Now that you’ve decided to offer pregnancy massage, the first order of business is to make sure you are properly trained in the practice.
In addition to your basic massage skills and education, you’ll need to learn some specialized techniques and gain a solid understanding of pregnancy and what changes occur in a woman’s body during this time. So where should you begin? There are scores of massage schools that offer short-term workshops and dozens of well-respected programs, but online courses allow you to learn from the convenience of home and may be less expensive. So which option is best?
In 1990, Elaine Stillerman, L.M.T., a teacher of prenatal massage, developed the professional training course MotherMassage: Massage During Pregnancy. She says, “I am very concerned about the state of massage education in general and continuing education in particular.”
When it comes to working with expectant mothers, Stillerman believes that with the appropriate knowledge and training, a massage therapist can give her client an effective, safe and optimally beneficial experience.
So what makes a good prenatal massage training program? According to Stillerman, an educated, experienced, flexible instructor is best equipped to teach students the proper techniques and practices. “The instructor should have experience in working with this deserving population and communicating concepts. The program should also include a curriculum that encompasses a balance of science and ritual, hands-on techniques and sensory awareness,” she says. “The class should be filled with information, humor and sensitivity. And the course should be comprehensive in scope and instructional in a wide variety of techniques.”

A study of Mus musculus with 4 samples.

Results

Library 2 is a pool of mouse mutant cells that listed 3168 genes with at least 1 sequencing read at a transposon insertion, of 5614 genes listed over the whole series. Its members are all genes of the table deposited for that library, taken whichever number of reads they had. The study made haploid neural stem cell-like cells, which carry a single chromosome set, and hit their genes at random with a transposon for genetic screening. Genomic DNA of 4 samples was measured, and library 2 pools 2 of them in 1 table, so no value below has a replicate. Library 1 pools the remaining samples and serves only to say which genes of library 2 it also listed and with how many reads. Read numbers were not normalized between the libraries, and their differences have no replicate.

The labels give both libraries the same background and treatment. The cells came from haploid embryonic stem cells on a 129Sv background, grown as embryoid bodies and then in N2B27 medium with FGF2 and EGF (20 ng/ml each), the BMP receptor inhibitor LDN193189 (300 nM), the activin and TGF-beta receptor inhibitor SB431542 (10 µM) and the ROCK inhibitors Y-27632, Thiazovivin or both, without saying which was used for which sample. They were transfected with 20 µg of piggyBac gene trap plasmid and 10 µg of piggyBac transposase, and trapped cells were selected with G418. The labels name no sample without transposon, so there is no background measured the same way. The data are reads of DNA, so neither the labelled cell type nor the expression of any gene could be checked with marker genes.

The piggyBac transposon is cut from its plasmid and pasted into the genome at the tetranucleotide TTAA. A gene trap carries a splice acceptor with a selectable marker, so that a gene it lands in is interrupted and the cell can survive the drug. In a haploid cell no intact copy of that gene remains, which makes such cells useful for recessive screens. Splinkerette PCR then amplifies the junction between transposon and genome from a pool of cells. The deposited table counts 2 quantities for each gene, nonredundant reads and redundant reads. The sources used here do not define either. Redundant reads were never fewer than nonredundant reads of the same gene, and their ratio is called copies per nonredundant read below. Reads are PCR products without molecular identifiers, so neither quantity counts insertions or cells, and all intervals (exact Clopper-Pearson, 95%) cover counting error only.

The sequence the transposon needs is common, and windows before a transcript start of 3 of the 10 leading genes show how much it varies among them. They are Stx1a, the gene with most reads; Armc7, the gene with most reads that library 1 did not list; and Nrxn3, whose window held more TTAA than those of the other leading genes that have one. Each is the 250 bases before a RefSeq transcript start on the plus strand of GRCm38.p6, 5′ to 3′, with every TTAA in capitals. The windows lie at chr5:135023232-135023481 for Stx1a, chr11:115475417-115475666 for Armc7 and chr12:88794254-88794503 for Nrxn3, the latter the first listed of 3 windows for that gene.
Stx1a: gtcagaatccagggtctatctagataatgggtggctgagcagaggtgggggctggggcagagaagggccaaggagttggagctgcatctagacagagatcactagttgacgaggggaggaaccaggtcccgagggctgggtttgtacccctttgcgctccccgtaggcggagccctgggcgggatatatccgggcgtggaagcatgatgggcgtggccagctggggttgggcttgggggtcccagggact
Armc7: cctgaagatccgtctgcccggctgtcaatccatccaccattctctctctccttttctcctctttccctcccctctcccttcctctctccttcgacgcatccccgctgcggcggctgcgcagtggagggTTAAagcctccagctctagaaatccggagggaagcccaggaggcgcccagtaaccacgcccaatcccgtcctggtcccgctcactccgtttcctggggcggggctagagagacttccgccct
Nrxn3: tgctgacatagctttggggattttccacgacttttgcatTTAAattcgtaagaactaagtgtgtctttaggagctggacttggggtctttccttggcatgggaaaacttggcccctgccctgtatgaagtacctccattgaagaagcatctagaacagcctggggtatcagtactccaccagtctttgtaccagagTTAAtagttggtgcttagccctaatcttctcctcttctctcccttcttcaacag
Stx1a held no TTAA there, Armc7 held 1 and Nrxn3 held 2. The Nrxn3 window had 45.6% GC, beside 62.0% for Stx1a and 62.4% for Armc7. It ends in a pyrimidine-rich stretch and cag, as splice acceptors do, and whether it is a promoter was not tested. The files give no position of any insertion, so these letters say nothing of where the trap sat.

An Internet search reveals numerous educational providers offering on-site and online prenatal massage education. These organizations provide class schedules, detailed outlines of coursework, location and costs for a variety of pregnancy massage workshops.
But what about those online courses? While this option offers flexibility and carries a lower price tag, it may not be the best way to fully grasp the nuances of pregnancy massage. “Online courses are fine to cover the science, that is the anatomy and physiology, of any topic. But the only way to feel a baby move inside its mother, feel the lymphatic rhythm or identify when soft tissue releases is through a live course with the on-site supervision of a qualified instructor,” Stillerman says.
Offering pregnancy massage as another menu option in your practice or specializing solely in this modality can help your clients enjoy their pregnancy and prepare their bodies for the hard work of delivery. By preparing yourself for the experience through education, hands-on training and coursework, you’ll both reap the benefits.